Inventory number
P00757
Author
Goya y Lucientes, Francisco de (Spanish)
Title
The Fates (Atropos)
Chronology
1821-1823
Technique
Técnica mixta
Support
Revestimiento mural
Dimensions
123 cm x 266 cm
School
Española
Theme
Género y sociedad
On display
Yes
Provenance
Quinta del Sordo, Madrid, donada por Goya antes de partir para Burdeos en 1823 a su nieto Mariano. Vendida por éste a Javier Goya, en 1833, aunque retornó a la propiedad de Mariano en 1854. En 1859, la posesión fue vendida a Segundo Colmenares. En 1863 adquirida por Louis Rodolphe Coumont. Comprada en 1873 por el barón Frédéric Emile d´Erlanger, que encargó el inmediato traslado de las pinturas murales a lienzo. En 1878, en la exposición Universal de París, para su posible venta. En 1881 d'Erlanger las cedió al Estado español, que las destinó al Museo del Prado, donde se expusieron desde 1889.

The mural paintings that decorated the house known as “la Quinta del Sordo,” where Goya lived have come to be known as the Black Paintings, because he used so many dark pigments and blacks in them, and also because of their somber subject matter. The private and intimate character of that house allowed the artist to express himself with great liberty. He painted directly on the walls in what must have been mixed technique, as chemical analysis reveals the use of oils in these works.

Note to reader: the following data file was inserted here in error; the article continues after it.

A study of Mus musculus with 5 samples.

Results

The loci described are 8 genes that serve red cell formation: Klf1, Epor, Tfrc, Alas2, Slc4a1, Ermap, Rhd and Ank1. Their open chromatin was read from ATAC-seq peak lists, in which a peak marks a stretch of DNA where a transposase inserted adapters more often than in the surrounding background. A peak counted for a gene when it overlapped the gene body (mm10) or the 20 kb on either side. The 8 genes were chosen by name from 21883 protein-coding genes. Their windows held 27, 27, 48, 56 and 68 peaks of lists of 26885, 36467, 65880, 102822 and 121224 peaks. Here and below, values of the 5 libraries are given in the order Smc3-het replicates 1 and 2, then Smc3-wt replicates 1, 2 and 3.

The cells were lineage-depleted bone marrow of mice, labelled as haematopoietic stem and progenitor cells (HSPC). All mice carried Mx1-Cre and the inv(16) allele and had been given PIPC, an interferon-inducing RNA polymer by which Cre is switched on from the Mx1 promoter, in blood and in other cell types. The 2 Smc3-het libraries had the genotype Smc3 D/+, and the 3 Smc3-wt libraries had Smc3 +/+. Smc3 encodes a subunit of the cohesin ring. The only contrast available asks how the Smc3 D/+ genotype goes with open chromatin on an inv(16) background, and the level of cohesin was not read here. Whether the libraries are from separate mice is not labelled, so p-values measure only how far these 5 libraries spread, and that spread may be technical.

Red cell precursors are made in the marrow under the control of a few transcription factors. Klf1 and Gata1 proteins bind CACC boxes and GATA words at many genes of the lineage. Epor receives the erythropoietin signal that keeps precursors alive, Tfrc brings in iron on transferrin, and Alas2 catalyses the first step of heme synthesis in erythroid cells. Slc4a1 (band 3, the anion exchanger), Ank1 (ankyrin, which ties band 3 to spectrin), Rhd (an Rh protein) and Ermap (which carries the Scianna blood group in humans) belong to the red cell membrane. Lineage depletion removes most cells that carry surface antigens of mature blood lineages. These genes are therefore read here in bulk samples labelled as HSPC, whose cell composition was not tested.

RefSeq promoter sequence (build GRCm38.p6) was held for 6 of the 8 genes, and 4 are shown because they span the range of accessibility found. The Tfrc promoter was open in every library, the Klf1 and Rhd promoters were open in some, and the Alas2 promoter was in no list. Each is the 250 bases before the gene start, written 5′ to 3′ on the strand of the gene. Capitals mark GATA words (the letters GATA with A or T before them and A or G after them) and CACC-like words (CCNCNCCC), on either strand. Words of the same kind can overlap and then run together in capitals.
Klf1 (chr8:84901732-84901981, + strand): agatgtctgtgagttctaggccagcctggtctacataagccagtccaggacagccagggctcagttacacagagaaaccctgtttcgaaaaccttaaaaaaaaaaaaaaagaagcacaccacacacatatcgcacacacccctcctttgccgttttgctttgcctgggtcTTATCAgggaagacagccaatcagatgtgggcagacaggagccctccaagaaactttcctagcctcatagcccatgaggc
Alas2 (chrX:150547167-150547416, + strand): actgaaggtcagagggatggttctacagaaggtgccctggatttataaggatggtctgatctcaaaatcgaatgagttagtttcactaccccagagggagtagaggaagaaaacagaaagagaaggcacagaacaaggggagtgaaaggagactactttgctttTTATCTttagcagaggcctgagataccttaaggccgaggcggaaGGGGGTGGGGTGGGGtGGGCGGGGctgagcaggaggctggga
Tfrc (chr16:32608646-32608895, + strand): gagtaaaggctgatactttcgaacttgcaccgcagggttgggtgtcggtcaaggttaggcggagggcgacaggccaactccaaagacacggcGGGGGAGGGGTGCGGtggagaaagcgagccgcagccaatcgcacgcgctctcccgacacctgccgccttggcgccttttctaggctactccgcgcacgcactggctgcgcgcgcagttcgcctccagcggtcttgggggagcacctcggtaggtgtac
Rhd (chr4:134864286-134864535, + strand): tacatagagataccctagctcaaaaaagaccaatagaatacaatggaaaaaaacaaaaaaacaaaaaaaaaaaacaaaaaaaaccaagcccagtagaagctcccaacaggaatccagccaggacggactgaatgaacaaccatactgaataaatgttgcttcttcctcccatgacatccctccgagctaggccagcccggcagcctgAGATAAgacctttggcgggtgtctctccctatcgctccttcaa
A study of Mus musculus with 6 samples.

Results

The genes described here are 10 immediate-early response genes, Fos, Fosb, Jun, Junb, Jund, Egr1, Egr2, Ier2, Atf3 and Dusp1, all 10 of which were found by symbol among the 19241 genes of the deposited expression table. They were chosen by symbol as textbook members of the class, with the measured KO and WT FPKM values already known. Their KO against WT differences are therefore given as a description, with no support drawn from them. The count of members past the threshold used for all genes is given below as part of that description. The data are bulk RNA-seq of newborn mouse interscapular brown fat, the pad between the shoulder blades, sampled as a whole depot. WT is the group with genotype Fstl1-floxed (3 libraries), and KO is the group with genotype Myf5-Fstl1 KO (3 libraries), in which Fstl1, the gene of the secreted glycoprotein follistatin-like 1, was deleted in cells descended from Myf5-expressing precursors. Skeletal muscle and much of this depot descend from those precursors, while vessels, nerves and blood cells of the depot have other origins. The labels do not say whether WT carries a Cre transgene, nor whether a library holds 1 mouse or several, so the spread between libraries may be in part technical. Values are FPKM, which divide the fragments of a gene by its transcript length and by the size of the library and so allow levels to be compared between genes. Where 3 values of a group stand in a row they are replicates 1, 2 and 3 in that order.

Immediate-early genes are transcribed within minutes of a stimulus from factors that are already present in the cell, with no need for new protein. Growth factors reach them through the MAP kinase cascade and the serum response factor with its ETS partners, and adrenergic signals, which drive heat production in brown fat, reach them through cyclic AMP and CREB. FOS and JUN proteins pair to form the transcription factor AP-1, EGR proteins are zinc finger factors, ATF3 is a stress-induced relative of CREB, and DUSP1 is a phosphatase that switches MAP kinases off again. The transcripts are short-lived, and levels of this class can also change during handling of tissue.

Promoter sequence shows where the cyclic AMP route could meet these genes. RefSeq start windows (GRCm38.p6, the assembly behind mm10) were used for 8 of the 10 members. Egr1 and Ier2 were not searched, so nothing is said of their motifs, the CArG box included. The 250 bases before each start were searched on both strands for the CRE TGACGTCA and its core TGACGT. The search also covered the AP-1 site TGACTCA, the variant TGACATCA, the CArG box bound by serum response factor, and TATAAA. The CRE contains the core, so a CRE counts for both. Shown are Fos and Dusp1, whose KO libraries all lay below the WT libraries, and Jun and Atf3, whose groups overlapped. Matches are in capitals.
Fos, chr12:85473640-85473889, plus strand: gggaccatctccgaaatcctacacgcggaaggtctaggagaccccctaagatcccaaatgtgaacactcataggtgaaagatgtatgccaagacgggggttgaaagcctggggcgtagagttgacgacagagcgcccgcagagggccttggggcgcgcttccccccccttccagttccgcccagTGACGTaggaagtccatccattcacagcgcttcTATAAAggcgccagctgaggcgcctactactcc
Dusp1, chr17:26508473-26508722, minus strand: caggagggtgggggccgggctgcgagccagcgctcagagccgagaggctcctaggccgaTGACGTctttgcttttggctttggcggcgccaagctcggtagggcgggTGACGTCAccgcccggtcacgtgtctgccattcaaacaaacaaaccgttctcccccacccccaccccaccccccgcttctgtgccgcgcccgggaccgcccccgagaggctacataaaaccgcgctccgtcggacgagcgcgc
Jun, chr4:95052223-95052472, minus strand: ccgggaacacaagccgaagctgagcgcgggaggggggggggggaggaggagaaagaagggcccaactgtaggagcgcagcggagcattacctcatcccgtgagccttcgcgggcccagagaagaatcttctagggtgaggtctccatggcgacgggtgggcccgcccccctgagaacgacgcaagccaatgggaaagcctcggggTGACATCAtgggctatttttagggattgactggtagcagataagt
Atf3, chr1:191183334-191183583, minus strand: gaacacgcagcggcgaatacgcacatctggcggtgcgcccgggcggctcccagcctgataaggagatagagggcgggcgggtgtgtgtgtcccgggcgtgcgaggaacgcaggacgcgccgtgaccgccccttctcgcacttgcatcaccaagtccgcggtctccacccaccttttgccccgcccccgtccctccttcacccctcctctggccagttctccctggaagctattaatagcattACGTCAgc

The Baron Émile d'Erlanger acquired “la Quinta” in 1873 and had the paintings transferred to canvas. The works suffered enormously in the process, losing a large amount of paint. Finally, the Baron donated these paintings to the State, and they were sent to the Prado Museum, where they have been on view since 1889.

The figure on the right, with her back to the viewer, holds scissors in her hand, leading Brugada to give this painting, with its strange scene, the name of Atropos: one of the Fates, who cut the thread of life. Indeed, the thread is held by the woman on the left, identified as Clotho, who uses it to bind a small human figure wrapped in cloth or paper. In the background, with a magnifying glass or a mirror, is Lachesis, the third of the classical divinities that controlled the lives and destinies of humankind. The figure in the foreground doesn't fit the classical myth of the Fates. The work has allegorical underpinnings and meanings that are more difficult to fathom, corresponding to the complex compositional world of Goya's imagination.

Despite the multiple explanations offered by art historians, these works continue to be mysterious and enigmatic, yet they present many of the esthetic problems and moral considerations appearing in Goya's works.

The mural paintings from “la Quinta del Sordo” (the Black Paintings), have been determinant in the modern-day consideration of this painter from Aragon. The German Expressionists and the Surrealist movement, as well as representative of other contemporary artistic movements, including literature and even cinema, have seen the origins of modern art in this series of compositions by an aged Goya, isolated in his own world and creating with absolute liberty.